3 Ways to Optimize Supply Chains During COVID-19

Here are three ways manufacturing and supply chain professionals can optimize inventory decision-making in a world of constant turbulence.


Adjusting—and persevering—in this environment requires manufacturers to drive efficiencies and agility in new ways. Remember, we’ve innovated out of necessity before. Lean manufacturing was created out of the strain of World War II when companies were forced to improve quality and delivery and reduce costs during a time of radical change in customer demand. And, we’ll innovate and optimize systems again.

Here are three ways manufacturing and supply chain professionals can optimize inventory decision-making in a world of constant turbulence. 

  1. Identify and prioritize your biggest levers for impact. 

Inventory optimization is pivotal in turning the supply chain from a cost center into a competitive weapon. There are always fires to put out. However, especially during a time of disruption, identifying and prioritizing your biggest points of impact can help you understand where to shift your focus. Which shortages or excess inventory impact your business the most? Tackle those first. 

While addressing shortages can speed production and avoid late delivery costs, eliminating excess and obsolete inventory can free up cash.  Some supply chain leaders have been given directives to tackle priorities on both ends of the spectrum. With improved visibility into how each part impacts the overall business, factory and site leaders can develop a plan of action to prevent missed deliveries or late penalties, while also ensuring they have the right parts on hand.

While you consider your own priorities, don’t forget about your suppliers—otherwise you may be burdening them with inaccurate delivery requests, further driving up your excess inventory. Monitor supplier performance and communicate your prioritization plans so they can be collaborative partners in helping you achieve your goals—including reduced days of inventory and happier customers due to better on-time delivery rates.

  1. Empower your teams to do more with less. 

Acting on business-critical priorities is easier said than done when you’re also dealing with labor shortages, rotating furloughs, and Zoom calls with remote workers who may be using disparate data. While Excel can be a useful tool for enterprise resource planning (ERP) users to run small-scale analyses, the approach creates a huge risk of error, is manual and time-consuming and doesn’t provide context or accountability around buying and planning decisions.

Many factories have used the global economic and health crisis as the impetus for obtaining much-needed visibility initiatives into all their sites. In fact, 87% of supply chain leaders have a digital transformation initiative. But, the most advanced supply chain teams are going a step further and using this visibility, and the technology in creative ways, to drive tangible outcomes, attack their biggest inventory problems and empower teams with automation and artificial intelligence (AI) to proactively prevent future disruptions.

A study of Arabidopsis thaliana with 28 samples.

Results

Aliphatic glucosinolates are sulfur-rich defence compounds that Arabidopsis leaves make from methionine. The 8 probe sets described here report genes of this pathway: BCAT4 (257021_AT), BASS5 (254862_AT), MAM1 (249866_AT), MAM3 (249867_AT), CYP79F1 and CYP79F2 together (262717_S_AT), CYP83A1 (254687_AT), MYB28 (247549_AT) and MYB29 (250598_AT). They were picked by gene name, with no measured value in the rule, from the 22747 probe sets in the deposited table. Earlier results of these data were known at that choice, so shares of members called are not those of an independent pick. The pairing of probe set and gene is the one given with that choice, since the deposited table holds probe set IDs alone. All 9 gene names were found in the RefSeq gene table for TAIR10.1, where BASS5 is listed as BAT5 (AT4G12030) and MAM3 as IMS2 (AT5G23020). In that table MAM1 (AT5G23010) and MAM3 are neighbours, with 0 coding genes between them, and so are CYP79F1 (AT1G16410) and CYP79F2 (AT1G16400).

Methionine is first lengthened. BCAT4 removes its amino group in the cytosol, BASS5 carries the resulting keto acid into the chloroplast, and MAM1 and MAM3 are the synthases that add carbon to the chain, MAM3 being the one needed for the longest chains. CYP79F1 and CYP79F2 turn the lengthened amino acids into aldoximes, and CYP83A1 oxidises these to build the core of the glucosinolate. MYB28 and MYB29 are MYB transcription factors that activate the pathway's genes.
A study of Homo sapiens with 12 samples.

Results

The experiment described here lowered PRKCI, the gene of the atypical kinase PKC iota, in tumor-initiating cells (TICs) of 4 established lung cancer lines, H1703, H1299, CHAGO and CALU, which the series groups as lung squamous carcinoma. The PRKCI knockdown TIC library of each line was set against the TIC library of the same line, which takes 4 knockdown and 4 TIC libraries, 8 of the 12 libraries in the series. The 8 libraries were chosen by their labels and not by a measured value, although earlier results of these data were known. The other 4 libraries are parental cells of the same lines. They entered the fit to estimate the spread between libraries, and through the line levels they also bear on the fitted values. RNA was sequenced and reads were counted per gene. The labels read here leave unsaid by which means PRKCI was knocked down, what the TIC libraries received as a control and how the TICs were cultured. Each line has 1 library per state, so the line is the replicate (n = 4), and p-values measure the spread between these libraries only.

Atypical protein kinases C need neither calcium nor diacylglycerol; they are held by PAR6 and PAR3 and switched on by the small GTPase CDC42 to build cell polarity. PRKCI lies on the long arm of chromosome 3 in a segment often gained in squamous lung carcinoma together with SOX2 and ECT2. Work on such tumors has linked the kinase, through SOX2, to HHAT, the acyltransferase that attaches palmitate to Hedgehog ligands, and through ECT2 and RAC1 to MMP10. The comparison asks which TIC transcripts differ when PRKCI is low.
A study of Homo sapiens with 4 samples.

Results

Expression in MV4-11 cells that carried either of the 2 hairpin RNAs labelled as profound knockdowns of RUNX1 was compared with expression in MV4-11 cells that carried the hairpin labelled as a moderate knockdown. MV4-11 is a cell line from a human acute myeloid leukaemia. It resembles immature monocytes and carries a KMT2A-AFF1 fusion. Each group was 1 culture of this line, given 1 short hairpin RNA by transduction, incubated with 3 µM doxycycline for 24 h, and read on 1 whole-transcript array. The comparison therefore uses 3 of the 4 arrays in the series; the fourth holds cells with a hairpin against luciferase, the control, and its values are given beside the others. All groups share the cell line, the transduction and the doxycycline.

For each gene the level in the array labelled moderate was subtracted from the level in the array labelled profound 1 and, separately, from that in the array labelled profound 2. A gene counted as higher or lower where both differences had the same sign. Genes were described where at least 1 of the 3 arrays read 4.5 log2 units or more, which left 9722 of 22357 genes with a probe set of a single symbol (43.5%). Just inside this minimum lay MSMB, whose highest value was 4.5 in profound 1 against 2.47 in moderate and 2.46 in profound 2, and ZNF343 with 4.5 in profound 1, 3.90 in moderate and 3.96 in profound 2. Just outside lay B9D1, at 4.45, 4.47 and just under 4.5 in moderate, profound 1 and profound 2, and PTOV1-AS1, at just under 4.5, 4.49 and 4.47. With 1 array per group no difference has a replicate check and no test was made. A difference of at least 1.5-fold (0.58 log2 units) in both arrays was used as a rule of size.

In response to COVID-19, supply chain leaders have come up with creative ways to leverage their technology, coming up with “attack teams.” Comprised of buyers and on-site procurement leaders, and supported by advanced analytics, these teams triage priority inventory management tasks, so the right people are focused on, and are held accountable for, the most impactful shortage reduction and inventory optimization goals for their businesses. The ability to communicate and move in the same direction frees up time for teams to focus on revenue-building initiatives instead of figuring out which spreadsheet is correct. 

  1. Re-tune your plan for every part to safeguard against future disruption.

Calibrating order policies, trigger points and safety stock to demand helps companies “stay healthy” when a new disruption arises, ensuring that your organization’s buying strategy matches today’s situation. Re-tuning your plan for every part (otherwise known as PFEP) is the equivalent of giving your supply chain a multivitamin.

Historically a time-intensive and manual process, especially when data is pulled from multiple disconnected systems, PFEP is typically tackled once a year, but it should ideally happen more regularly. With the right automation, updating your PFEP to right-size inventory can happen in real time, so when disruptions hit, you can pivot overnight.

Even if your inventory management process today is manual, take the time to ensure you have a PFEP that takes into account today’s supply and demand realities. First, look at your safety stock levels for each site. If they’re risky, ask yourself if you’ve set the safety stock to a level that will cover a potential disruption. Next, review and adjust order policies to ensure you’re at the optimal inventory levels to free up cash, and check that your minimum order quantities are sized properly based on real-time demand. Plan to refresh and implement your PFEP once a month while disruption persists.

Overcoming supply chain disruption—we can do it again.

COVID-19 has created massive supply chain gaps: furloughed teams, inaccurate forecasts, order cancellations and more. With many experts believing the end of the pandemic is still months or years away, the next supply chain shock could be just around the corner.

While you can’t plan for the unexpected, you can position yourself for resiliency and agility as you ramp back up your operations. The moves we make today toward a technology and teams-driven approach to inventory management will set the stage for the next wave of agile factories and resilient supply chains. Those who lead the wave in innovation during challenging times will come out of a crisis stronger and be better positioned to handle whatever disruption strikes next.